Cycling Ding'an and Chengmai - Day 1 of 3
June 8th, 2019 (52.12km)
It wasn't until my bag was packed that I realized I had forgotten my only pair of sneakers in Bo'ao, which was a good 120km away fr om Haikou and in the opposite direction. I ended up biking in my flip-flops, not all that upset because I needed to buy new sneakers anyways.
But I did eventually get on that bike. I biked my regular route out of Haikou and took an unfamiliar road leading towards to Ding'an County (定安县). As I left the main highway, two blank and obviously unfinished traffic signs indicated there was an upcoming fork in the road. I was on a road to nowhere and if the sky wasn't so blue, it might have been ominous. I took a left and was almost immediately met with a large herd of pitch black goats being led from behind by two farmers. What might have been a second omen for some, didn't even cross my mind as such at the time. The two elderly farmers gave me a curious smile, but dared only greet me with a simple "nihao" assuming among themselves I wouldn't understand anything else.
I continued forward until I saw a detour for a small "ancient" village. I for one make a firm distinction between historic and just old, but the detour seemed worth it when I saw a large tree with several unoccupied hammocks hanging from it. By this time, I had biked +30km nonstop in scorching heat and was ready for a break.
But my break was short-lasted. Two toddlers playing with toy trucks and airplanes not far away took notice of my presence and started throwing rocks at me. They giggled and I made the mistake of encouraging them by pretending to throw rocks back to make them laugh harder, all so I could practice taking portraits with my new phone. I got some nice shots and it was all good and fun until I remembered why I no longer teach children. Small rocks escalated into clumps of dirt. I tried to shout at them in Chinese because I was genuinely starting to get really annoyed and just wanted to rest in my hammock, but the more rocks they threw, the more they giggled, and the more they giggled, the more difficult it was for me to keep a straight face and tell them to knock it off. I just don't have it in me to discipline kids, which is why I only teach adults now. That and because kids can be kind of dumb.
A Canadian in rural China always attracts attention, especially from kids. I would have been perfectly fine just on my own in my hammock, but more and more kids were gathering around. There parents were playing cards at a table under the same ginormous tree. Eventually their mother saw them and scolded them for being such brats, but not before I was covered in dirt.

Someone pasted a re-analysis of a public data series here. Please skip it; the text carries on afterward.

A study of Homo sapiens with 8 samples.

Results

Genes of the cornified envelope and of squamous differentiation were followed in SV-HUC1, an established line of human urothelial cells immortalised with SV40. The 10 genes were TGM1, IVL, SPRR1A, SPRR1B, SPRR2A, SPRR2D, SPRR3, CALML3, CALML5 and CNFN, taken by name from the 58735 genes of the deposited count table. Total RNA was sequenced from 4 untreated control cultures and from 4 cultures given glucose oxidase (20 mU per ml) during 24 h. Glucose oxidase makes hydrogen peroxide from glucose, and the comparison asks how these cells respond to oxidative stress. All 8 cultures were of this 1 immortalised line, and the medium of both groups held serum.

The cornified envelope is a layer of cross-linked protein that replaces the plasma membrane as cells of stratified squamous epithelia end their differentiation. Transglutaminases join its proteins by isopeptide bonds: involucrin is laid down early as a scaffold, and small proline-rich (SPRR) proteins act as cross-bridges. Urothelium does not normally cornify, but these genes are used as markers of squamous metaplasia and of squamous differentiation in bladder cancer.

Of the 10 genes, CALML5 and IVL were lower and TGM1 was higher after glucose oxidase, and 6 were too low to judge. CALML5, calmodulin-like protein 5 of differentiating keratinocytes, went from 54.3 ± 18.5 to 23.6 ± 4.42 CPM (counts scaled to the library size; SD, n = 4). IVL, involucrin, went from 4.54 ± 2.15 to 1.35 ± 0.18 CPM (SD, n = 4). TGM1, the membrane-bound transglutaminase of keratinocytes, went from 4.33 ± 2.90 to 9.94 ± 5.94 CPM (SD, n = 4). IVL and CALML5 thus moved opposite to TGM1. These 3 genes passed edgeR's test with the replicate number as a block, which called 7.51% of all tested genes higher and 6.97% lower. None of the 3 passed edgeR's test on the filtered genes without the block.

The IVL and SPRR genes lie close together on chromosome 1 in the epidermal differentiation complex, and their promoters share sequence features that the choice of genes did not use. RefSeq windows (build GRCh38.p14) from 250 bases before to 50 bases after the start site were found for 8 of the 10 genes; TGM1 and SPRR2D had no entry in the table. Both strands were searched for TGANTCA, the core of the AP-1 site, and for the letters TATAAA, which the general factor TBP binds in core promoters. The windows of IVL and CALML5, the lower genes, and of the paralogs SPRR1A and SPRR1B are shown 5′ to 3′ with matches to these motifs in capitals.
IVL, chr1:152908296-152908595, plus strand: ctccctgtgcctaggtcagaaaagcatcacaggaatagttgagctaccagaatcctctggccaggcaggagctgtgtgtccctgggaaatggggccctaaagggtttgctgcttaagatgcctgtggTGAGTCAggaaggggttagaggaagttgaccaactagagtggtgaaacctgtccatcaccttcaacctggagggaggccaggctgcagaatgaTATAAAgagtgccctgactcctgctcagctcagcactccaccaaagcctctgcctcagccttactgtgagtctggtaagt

I heard two older kids say I was American and I corrected them. The oldest of them told me he is in the fifth grade and spoke with a confidence well beyond his age. He asked many questions about the strange and distance land I call home before I asked if he even knew wh ere Canada was. He didn't, but I think he liked to ask questions more than he cared to listen to answers. He was a funny kid so I didn't mind humouring him for a bit.
This somehow turned into him teaching me to speak Hainanese. I told him the half dozen words I knew and in his rustic accent he said, "Not many people around here speak Mandarin. Especially older folks. Some of the grownups can speak it. Some of them can't."
"Ocean? Tree? Lake? Car? Bicycle? Glasses? Pants?" In rapid succession he listed off dozens of words in Mandarin telling me I should also know how to say them in Hainanese. I'm not so sure about his teaching methods, but I give him an +A for the enthusiasm he has for his native language.
Further down the road, I met more farmers herding large oxen. "You want to buy one?" asked a lady on a e-bike following beyond them.
"Buy what?" I asked.
I politely refused before she continued with further questions. "Hey, you're not from around here?"
"Yeah, I'm from Canada."
"What are you doing here?"
"You can't exercise in Canada?"
She continued on her way, having not been rude to me, but legitimately confused as to what I was doing here, a public, but still middle of nowhere road, if for no other reason than to buy an ox.
Know any good cycling routes around Hainan? Ever do a full circle around the island? Let us know about your favorite places to cycle in Hainan in the comments below, and keep an eye out for the second and third part of this story coming soon.
Ricky Barrett Jamer is a travel writer from Canada. You can keep up with his travels by staying tuned to Hainan Life and following his page on Facebook: https://www.facebook.com/FromChinatotheWorldBlog/
And as always, enjoy exploring Hainan!